Normal digestive physiology is essential for breaking down food into its basic components so that nutrients can enter the blood stream. Digestion begins by chewing food, which starts to get broken down by saliva. Food then goes down the esophagus into the stomach, and then to the large intestine. The liver and pancreas are the only solid organs in the digestive system, and both supply fluids to the intestine to further digest food. Sugars, amino acids, and fatty acids are absorbed through the lining of the small intestine into the blood, while all muscle contractions in the digestive system are controlled by nerves both outside and within each organ.
Digestion begins as soon as food enters the mouth. The salivary glands secrete fluid filled with enzymes, mucus, electrolytes, and water. Potassium and bicarbonates are released in the saliva ducts, which help to regulate the acid produced in the stomach. Chewing breaks down and softens food to make it easier for enzymes to work. Swallowing is aided by the tongue and the peristaltic contractions of the esophagus, which are controlled by muscle structures called sphincters.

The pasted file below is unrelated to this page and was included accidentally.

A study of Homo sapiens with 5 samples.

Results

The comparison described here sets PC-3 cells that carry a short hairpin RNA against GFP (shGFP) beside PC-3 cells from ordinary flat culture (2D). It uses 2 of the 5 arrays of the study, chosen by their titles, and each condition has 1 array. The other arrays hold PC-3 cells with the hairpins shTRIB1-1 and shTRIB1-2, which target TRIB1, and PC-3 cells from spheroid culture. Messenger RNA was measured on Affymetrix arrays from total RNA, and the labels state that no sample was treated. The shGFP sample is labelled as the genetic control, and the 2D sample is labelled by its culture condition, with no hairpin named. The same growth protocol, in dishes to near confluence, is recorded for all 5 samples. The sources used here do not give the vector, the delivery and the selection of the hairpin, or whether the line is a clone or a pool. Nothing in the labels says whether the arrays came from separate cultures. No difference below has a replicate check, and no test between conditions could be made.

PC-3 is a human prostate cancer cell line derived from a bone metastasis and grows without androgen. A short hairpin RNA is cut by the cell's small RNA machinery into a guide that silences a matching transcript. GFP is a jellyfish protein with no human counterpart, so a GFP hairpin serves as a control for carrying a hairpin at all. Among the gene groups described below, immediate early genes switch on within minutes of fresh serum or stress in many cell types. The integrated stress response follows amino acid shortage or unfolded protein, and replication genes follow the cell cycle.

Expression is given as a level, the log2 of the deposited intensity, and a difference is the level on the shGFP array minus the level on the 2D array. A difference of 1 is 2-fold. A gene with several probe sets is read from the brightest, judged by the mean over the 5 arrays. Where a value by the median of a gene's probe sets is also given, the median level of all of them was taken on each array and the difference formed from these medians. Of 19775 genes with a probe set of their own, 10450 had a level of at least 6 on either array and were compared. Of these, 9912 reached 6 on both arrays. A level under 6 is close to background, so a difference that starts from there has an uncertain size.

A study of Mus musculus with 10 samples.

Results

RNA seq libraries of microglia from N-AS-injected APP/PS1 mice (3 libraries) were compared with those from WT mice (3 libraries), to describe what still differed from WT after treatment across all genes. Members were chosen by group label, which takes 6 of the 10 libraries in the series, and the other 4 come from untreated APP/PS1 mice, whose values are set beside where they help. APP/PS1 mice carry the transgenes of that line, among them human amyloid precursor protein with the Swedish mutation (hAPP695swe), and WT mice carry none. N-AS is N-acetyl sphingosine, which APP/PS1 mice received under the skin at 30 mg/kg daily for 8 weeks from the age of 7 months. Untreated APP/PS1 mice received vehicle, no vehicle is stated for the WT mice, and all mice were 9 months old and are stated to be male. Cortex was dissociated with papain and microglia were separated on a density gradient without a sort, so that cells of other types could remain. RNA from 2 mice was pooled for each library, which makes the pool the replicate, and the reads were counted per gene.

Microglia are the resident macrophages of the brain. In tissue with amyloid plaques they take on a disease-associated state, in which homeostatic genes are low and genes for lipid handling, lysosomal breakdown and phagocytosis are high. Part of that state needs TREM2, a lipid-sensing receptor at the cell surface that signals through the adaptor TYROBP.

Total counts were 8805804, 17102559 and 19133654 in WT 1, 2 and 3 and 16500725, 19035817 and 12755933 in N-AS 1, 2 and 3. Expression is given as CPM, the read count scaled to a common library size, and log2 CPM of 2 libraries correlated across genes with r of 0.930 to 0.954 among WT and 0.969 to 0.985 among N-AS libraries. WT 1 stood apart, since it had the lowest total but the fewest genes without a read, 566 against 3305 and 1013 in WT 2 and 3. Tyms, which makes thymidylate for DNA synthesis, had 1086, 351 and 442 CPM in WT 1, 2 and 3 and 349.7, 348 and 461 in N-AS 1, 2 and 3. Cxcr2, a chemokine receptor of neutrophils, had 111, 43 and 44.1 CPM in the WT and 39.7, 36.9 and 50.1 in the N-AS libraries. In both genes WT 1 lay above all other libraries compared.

The stomach is the component of digestive physiology where food is liquefied. It can contract and expand depending on consumption, while enzymes and muscle contractions aid digestion. The lower part of the stomach allows liquefied food to pass into the small intestine where fluids from the pancreas and liver mix in, such as bile, which serves to dissolve fat. Fluids from the pancreas break down fat, protein, and carbohydrates.
What is left in the small intestine is either absorbed into the blood or passes through as waste. Just about all nutrients are passed into the blood here, including electrolytes such as sodium, potassium, chloride, and organic molecules. What is absorbed by the small intestine travels through the blood to the liver via the portal vein, where vitamins are stored and the release of glucose into the blood is controlled. The liver also metabolizes fat and protein and is responsible for the storage and distribution of fat, so it is a crucial part of digestive physiology.
In the large intestine, any water and electrolytes that are left are absorbed. What remains in this part of digestive physiology is dehydrated, while bacteria and mucus are mixed in to form feces. Microbial organisms break down cellulose and carbohydrates, and any fatty acids and vitamin K left are absorbed and utilized for metabolism.